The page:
Sharing Cities: The Next Global Trend?
BY Jessica McKenzie | Tuesday, November 12 2013
More and more people are starting to believe in the power of sharing and its ability to enact social change. At the end of September, the nonprofit news and activism site Shareable launched the Sharing Cities Network to support innovators and activists working to make cities around the world more sharing. In October, they hosted a two week long Map Jam in cities around the world, in which local members of the Sharing Cities Network mapped sharing resources. They set a goal of mapping 25 cities with 25 local teams, but in the end more than 55 different city teams participated.
The philosophy of sharing is at the core of the open source movement, bike share programs, and companies like Airbnb. A core idea is that when goods are shared, the value of those goods increases for everyone involved. For that reason, among others, the people at Shareable believe that through sharing and mutual contribution people can solve problems in traditional civil society.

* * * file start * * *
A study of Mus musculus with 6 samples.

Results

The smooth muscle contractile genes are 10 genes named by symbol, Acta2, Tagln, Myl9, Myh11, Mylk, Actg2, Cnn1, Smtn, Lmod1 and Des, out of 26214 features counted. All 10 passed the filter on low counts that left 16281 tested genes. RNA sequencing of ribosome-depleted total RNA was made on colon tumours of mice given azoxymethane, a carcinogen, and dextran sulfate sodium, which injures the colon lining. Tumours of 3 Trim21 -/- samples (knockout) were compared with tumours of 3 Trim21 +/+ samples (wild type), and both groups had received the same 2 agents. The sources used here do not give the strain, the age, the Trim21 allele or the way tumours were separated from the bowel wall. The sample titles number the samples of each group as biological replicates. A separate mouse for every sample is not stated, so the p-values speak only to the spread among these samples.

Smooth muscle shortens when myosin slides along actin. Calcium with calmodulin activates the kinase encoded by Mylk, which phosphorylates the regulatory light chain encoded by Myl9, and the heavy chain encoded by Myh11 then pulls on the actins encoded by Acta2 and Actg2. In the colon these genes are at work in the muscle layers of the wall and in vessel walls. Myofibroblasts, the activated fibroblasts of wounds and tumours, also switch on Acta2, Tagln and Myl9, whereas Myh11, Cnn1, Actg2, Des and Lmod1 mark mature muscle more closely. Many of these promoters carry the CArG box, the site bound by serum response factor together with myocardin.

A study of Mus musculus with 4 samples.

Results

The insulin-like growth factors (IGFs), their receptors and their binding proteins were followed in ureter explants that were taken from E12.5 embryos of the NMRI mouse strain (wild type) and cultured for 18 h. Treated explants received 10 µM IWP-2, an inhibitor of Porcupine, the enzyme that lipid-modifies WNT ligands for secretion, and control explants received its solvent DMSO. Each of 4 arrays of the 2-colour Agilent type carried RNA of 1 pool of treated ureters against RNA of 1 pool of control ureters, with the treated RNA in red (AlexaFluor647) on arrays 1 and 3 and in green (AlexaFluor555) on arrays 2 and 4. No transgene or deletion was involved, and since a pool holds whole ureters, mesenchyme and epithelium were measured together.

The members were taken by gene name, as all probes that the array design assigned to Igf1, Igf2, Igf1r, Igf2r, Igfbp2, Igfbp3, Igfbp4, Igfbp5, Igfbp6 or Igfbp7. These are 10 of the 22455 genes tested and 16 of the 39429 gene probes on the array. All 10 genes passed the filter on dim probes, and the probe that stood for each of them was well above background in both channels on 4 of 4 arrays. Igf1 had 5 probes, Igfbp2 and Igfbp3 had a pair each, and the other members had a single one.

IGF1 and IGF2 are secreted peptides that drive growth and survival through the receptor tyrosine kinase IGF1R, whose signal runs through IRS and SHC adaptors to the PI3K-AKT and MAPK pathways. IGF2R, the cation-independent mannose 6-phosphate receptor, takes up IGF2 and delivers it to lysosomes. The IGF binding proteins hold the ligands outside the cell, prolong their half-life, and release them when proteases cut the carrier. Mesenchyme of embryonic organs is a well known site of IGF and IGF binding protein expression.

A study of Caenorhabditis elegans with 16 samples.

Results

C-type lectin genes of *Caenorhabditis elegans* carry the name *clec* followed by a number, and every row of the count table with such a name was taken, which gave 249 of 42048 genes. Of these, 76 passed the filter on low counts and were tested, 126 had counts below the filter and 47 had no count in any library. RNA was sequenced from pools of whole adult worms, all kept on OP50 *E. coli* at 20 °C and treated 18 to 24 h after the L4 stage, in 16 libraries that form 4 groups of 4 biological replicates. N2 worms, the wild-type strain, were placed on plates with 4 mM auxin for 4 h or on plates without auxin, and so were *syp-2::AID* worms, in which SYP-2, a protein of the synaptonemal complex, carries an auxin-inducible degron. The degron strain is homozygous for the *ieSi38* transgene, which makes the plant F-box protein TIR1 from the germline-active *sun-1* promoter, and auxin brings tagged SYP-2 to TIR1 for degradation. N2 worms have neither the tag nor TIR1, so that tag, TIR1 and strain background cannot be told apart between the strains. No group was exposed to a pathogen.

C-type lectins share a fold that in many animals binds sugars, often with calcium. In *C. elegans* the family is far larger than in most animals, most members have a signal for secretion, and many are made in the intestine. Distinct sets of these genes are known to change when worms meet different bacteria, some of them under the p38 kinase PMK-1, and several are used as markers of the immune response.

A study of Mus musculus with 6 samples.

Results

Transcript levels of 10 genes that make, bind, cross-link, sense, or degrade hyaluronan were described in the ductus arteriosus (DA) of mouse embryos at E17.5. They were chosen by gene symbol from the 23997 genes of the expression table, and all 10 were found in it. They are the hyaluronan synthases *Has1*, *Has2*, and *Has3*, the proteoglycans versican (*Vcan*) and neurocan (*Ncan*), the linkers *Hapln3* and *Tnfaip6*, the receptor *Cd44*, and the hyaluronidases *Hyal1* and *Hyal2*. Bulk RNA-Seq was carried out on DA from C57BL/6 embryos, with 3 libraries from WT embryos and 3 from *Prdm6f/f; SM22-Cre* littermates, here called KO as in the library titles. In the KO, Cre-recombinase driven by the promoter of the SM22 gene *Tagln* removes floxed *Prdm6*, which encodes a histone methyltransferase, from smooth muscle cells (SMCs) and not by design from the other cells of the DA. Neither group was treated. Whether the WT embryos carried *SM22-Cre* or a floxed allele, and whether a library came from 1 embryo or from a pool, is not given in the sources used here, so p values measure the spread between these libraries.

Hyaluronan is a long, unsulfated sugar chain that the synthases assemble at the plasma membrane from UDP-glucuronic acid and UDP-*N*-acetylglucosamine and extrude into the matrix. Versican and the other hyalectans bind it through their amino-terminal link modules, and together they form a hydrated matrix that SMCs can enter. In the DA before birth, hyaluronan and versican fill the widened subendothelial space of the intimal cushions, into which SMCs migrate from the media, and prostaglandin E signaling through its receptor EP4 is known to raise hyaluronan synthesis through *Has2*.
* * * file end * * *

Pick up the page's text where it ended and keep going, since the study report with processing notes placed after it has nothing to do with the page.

In a blog post announcing the Sharing Cities Network, the Organizing Director of Shareable, Mira Luna, wrote:
Imagine a city where everyone’s needs are met because people make the personal choice to share. Where everyone can create meaningful livelihoods. Where fresh, local food is available to all. Where affordable housing and shared transportation are abundant. Where the poor are lifted up, the middle class is strengthened, and the rich are respected because they all work together for the common good.
Without a doubt, the team is striving for a hitherto unattainable ideal, but Luna is also realistic—and optimistic—about the state of things now, pointing out that:
While there’s no complete sharing city yet, we've found that every city has a much bigger foundation to build on than people think. There are cooperatives, community gardens, tool libraries, timebanks, bike kitchens, coworking and maker spaces, credit unions, farmers' markets, or their ilk nearly everywhere.
Shareable highlighted Paris and Austin as cities with remarkably strong sharing cultures already. The Arab Countries map shows an “emerging sharing economy,” with pins in Morocco, Tunisia, Egypt and Saudi Arabia, among others. There are not nearly as many pins in all those countries combined as in Austin alone, but it still shows that a trend is expanding into more parts of the world.
Personal Democracy Media is grateful to the Omidyar Network and the UN Foundation for their generous support of techPresident's WeGov section.